Over six decades rolling premium cigars with his small, wrinkled hands, Arnaldo Alfonso has taken pride in seeing his “habanos” sampled by visiting heads of state and other dignitaries.
Now he’s delighted by the idea of customers lighting them up in the United States, where Cuban cigars have been outlawed since the U.S. embargo took effect in 1962.
“It’s a very beautiful thought,” said a smiling Alfonso, a 78-year-old worker at the tobacco shop of the Palco Hotel in western Havana.
Cuban cigar makers are licking their chops over new U.S. rules, announced in December as part of a partial detente, allowing more Americans to travel to the island and legally bring back small quantities of the coveted stogies for the first time in decades.
As Havana celebrated the annual Cigar Festival that wraps up with a gala-dinner bash Friday, officials said that this year alone they expect to double on-island sales of hand-rolled cigars, known here as “habanos,” from 3 million to 6 million.
“This is an important jump in just one year,” said Jorge Luis Fernandez Maique, vice president of Habanos SA, a mixed venture between Cuba’s state-run Cubatabaco and the British company Altadis. “It’s a boom for the Cuban market.”
The additional sales would represent a modest increase to the company’s overall annual production of around 90 million to 100 million premium units to meet domestic and international demand, primarily in Europe and China.
But officials see it as just the tip of the cigar: If the U.S. embargo were to fall amid a normalization of diplomatic relations, Habanos believes it could capture nearly a third of the American market, the world’s largest for cigars.
Almost 600,000 visitors traveled to the island from the United States last year, a figure that includes mostly Cuban-Americans on family visits but also tens of thousands of people on legal educational and religious exchanges. The number is expected to rise, though it’s still unclear by how much.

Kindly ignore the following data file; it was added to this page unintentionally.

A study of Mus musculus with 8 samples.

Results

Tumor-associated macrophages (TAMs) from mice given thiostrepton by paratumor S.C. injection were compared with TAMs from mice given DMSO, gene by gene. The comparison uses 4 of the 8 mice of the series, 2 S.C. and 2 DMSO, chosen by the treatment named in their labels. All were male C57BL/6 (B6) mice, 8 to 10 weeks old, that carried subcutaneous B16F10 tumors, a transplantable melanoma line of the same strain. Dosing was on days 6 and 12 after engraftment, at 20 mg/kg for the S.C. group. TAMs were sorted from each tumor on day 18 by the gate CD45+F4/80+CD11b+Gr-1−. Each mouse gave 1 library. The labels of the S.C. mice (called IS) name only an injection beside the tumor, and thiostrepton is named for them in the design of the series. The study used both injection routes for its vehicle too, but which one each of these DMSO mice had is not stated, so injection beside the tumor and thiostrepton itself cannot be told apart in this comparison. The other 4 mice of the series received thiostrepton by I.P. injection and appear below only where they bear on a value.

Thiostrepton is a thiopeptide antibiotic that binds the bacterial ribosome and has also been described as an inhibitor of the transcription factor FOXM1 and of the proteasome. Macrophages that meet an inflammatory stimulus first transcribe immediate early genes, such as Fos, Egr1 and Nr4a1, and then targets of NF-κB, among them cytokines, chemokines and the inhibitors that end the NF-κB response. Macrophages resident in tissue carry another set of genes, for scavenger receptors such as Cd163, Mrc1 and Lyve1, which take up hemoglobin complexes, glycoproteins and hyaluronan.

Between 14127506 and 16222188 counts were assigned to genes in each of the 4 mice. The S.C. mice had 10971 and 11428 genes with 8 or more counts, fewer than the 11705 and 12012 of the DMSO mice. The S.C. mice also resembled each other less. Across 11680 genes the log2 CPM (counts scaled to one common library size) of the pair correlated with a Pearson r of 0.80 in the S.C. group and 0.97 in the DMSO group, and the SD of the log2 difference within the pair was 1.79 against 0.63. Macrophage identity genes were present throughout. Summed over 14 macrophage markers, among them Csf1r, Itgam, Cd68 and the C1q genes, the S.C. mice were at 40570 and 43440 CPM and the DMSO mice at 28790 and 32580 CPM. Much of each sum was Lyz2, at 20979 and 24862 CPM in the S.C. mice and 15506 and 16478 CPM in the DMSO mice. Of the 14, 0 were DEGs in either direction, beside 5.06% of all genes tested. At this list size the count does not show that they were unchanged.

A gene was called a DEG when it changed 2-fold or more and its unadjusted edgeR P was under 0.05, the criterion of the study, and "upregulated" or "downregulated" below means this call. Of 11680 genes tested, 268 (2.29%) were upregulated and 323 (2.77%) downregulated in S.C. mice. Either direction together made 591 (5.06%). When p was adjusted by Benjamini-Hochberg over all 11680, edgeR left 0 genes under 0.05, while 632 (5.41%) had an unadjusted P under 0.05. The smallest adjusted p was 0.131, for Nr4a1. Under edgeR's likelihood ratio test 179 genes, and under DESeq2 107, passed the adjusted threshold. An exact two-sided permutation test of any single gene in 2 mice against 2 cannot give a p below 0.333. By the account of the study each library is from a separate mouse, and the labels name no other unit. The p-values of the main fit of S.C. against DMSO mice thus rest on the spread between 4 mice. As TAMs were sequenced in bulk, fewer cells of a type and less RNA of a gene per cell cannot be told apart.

Many visit shops like the one where Alfonso works.
“They are aware that these are first-rate cigars,” said Teresita Diaz, a saleswoman at the store.
Under the new rules, U.S. travelers are now allowed to bring back up to $100 in combined tobacco and alcohol products, a lot less than the $3,000 to $4,000 sales that Diaz can ring up for some of the Canadian, European and Chinese aficionados who shop there.
U.S. visitors can smoke as many cigars as they like while on the island, and can now return with a few five-packs of Montecristo #4 (sale price: $27.75) or Cohiba Siglo I ($34.50) without violating the cap.
If even half of the current number of U.S. travelers were to bring back $50 worth of cigars each, that would add up to some $15 million in new sales for the Habanos company this year.
Getting approval to export cigars to the U.S. would be the real bonanza for Cuba.
Habanos, which reported global sales of $439 million last year, estimates it could sell roughly 70 million to 90 million cigars there, nearly doubling Cuba’s current production, if the embargo were lifted.
That would be possible only with the approval of the Republican-controlled Congress. After the initial buzz over the Dec. 17 announcement that Washington and Havana would move to restore ties, progress has been slow on resolving far simpler matters such as reopening embassies in each other’s respective countries.
There are also questions about Cuba’s ability to ramp up production to eventually meet U.S. demand. The country suffers from major infrastructure deficiencies, and tobacco farmers sometimes complain of transportation delays following the harvest that can cause the leaves to go bad.
“It’s clear that even today, the amounts (harvested) are not enough,” said Ricardo Salas, who distributes Cuban cigars in Cyprus.
While American aficionados would initially be intrigued by the “forbidden fruit” aspect of Cuban cigars, many might find they prefer something more familiar, and less overpowering.
Salas and other experts said milder Cuban brands such as Montecristo and Romeo y Julieta would likely do better in the U.S. than the stronger Partagas and Cohiba varieties.
After more than five decades of separation, “the average American doesn’t know the Cuban product,” said Salas. “They have as a comparison Central American or Dominican tobacco — they’ve become used to that kind of flavor of a softer, more discreet tobacco.”